My daughter will be five in January. She will only have a bowel movement when she is sleeping. I can get her up and put her on the toilet and have her go then, but she'll go while she's asleep and I can't wake her up. The few times that I did wake her up, she then said she couldn't go.
I put her on the toilet every night at 11:30 pm. She has very hard stools. She is on Lactulose Syrup and that has helped some, but it seems to not be helping as much anymore. She was put on the syrup for rectal prolapse. It has helped but lately, her stool seems very hard again and I'm afraid of another prolapse, in which case the doctor said that they'd have to do a biopsy.
It is so traumatizing for her to have me give her a suppository, let alone a rectal. I can't even imagine a biopsy. I've been sitting her on the toilet every night for at least ten minutes after dinner, but nothing yet. If asked, she says it's too hard and hurts. I don't know what to do. I'm afraid that with her stool so hard, she'll never learn to go on the toilet because it hurts. Could I try Miralax? My friend swears by it, but her son has a whole different issue than my daughter. We try to do a high fiber diet, but she has started protesting this type of food lately.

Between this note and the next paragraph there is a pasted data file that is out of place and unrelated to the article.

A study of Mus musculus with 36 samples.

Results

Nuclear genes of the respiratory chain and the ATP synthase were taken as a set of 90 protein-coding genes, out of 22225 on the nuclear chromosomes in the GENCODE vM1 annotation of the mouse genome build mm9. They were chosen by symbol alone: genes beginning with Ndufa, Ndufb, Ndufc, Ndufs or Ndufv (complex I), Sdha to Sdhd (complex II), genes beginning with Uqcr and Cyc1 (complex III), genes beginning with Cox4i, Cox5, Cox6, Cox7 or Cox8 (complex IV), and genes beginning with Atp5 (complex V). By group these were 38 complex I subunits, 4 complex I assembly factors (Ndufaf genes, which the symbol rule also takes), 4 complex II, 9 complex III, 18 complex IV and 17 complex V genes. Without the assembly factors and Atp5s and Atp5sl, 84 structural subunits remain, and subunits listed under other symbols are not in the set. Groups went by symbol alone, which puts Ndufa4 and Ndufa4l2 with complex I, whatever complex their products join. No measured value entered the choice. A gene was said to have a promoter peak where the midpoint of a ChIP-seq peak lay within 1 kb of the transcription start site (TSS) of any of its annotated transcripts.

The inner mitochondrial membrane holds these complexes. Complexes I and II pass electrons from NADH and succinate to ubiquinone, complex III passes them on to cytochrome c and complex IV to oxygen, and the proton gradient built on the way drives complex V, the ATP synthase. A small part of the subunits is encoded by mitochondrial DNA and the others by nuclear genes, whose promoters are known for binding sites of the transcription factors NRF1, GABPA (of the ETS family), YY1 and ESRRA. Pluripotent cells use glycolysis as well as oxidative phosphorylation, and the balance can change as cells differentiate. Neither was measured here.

There are two separate issues your questions bring up. The first pertains to successful toilet training, the second to the managemant of the constipated child.
You need to focus on the constipation first. A constipated child, just as you mention, begins to fear the toileting process if she has come to expect pain, will 'hold it in' rather than being in pain, and create more constipation and a bigger problem the next time.
Training can only be successful when a child is both physically and mentally ready.
The constipation sounds significant and long-standing. Rectal prolapse isn't common in childhood. I don't know all that you've tried, you mention Lactulose, suppositories and diet, but there are many medicines that are used. There are stool softeners, bulking agents (like fiber) and drugs that stimulate the gut to contract. Success often requires more than one type of medicine at the same time. Equally important is the right behavioral approach: regular toilet sitting (that you mention), rewards, lots of time and patience.
This problem is much more common than most families think, and can get so complex that special clinics in big children's hospitals are devoted just to constipation and its effects. It sounds like it's time to take a step back and review with your pediatrician all that you've tried and why, or, request to see a pediatric gastroenterologist who is the expert in this area. He/she can explain the details to you, go over why a biopsy is or isn't needed, help you find the right medications and support you through this process.